Koko was one of several great apes taking part in projects to see if they could acquire language of a similar complexity to humans

By Dr Patricia Gough, Department of Psychology
The Brainstorm long read: Koko was one of several great apes taking part in projects to see if they could acquire language of a similar complexity to humans

In June, the world learned of the passing of a great personality in language research. The said personality was not a human researcher but a non-human primate and long-term participant, Koko the gorilla. Over her years of involvement in research, Koko had gained the celebrity status many humans could only aspire to. This speaks to the general fascination for two topics  - the cognitive abilities of our primate cousins and the way in which language has evolved. In spite of reporting to the contrary, however, Koko did not "master sign-language".

Koko was one of several great apes taking part in projects designed to test the possibility that apes, if taught, could acquire language of a similar complexity to humans. The basic idea was that by testing primates, with whom we share a common ancestor, we would be able to say something about when in our evolutionary history language abilities emerged.

The first of these sort of projects took place in the 1930s and 1950s with two female chimps, Gua and Vicki, being raised as part of a human family, and taught spoken language. These two projects failed with the inability of the chimps to produce spoken language, although there was some evidence of understanding. It was suggested at this point that apes would never be able to produce spoken language due to their different vocal anatomy and later projects focussed on teaching a modified version of American Sign Language(ASL). This avoided the problem of speech production and was also thought to overlap with natural gesturing of primates in the wild.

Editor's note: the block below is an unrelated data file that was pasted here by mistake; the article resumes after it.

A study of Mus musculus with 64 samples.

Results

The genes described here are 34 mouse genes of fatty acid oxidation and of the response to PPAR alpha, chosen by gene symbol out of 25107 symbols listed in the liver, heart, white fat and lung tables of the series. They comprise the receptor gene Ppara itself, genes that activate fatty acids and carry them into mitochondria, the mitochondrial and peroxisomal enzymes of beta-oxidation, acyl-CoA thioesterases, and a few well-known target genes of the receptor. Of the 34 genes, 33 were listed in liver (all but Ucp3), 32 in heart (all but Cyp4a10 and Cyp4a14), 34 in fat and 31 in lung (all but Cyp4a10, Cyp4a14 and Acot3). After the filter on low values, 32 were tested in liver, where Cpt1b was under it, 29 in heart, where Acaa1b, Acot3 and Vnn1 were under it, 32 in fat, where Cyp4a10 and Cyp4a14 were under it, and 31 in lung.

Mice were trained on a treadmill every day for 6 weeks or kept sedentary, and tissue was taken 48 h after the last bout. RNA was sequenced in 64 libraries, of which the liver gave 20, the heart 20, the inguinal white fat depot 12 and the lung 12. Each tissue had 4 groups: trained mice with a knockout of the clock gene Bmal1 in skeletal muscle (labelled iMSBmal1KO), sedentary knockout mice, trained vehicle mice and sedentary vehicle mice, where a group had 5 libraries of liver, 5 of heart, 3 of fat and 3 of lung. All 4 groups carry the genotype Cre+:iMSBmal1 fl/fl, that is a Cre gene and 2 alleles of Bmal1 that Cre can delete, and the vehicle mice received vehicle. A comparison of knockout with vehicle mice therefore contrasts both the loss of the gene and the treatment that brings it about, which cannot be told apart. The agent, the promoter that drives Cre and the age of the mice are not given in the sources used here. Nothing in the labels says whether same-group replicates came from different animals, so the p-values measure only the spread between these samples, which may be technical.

One potential argument for the failure of apes and other primates to deal with this complexity is the memory load involved. However, modified techniques such as using plastic symbols with Sarah the chimpanzee or using a visual display of symbols on a computer screen (lexigram, with Kanzi the Bonobo) did not greatly improve structural understanding. 
Apart from this obvious difficulty, there were several other indications that apes did not really "get" language. Many of the primates did not use language spontaneously. Even in examples where they did, they used it simply to acquire something such as food or a hug. This is in contrast with young human children who, although they use language to request things, also talk (or sign) simply to interact, to be social and to alert someone to something interesting.

Other issues that arose with projects such as Koko were the tendency of experimenters to over-interpret the performance of the given ape and how much of the signing performed by apes involved repetition of signs that the experimenter had just produced. It is now generally accepted that apes and other non-human primates cannot acquire language and that the major stumbling block is structural complexity.
Far from being a waste of time, however, animal language projects have taught us a lot about apes and the properties of our own language. Regardless of the outcome of work with Koko, many of us involved in language research would have to admit to being outdone by a gorilla in terms of contribution to the field!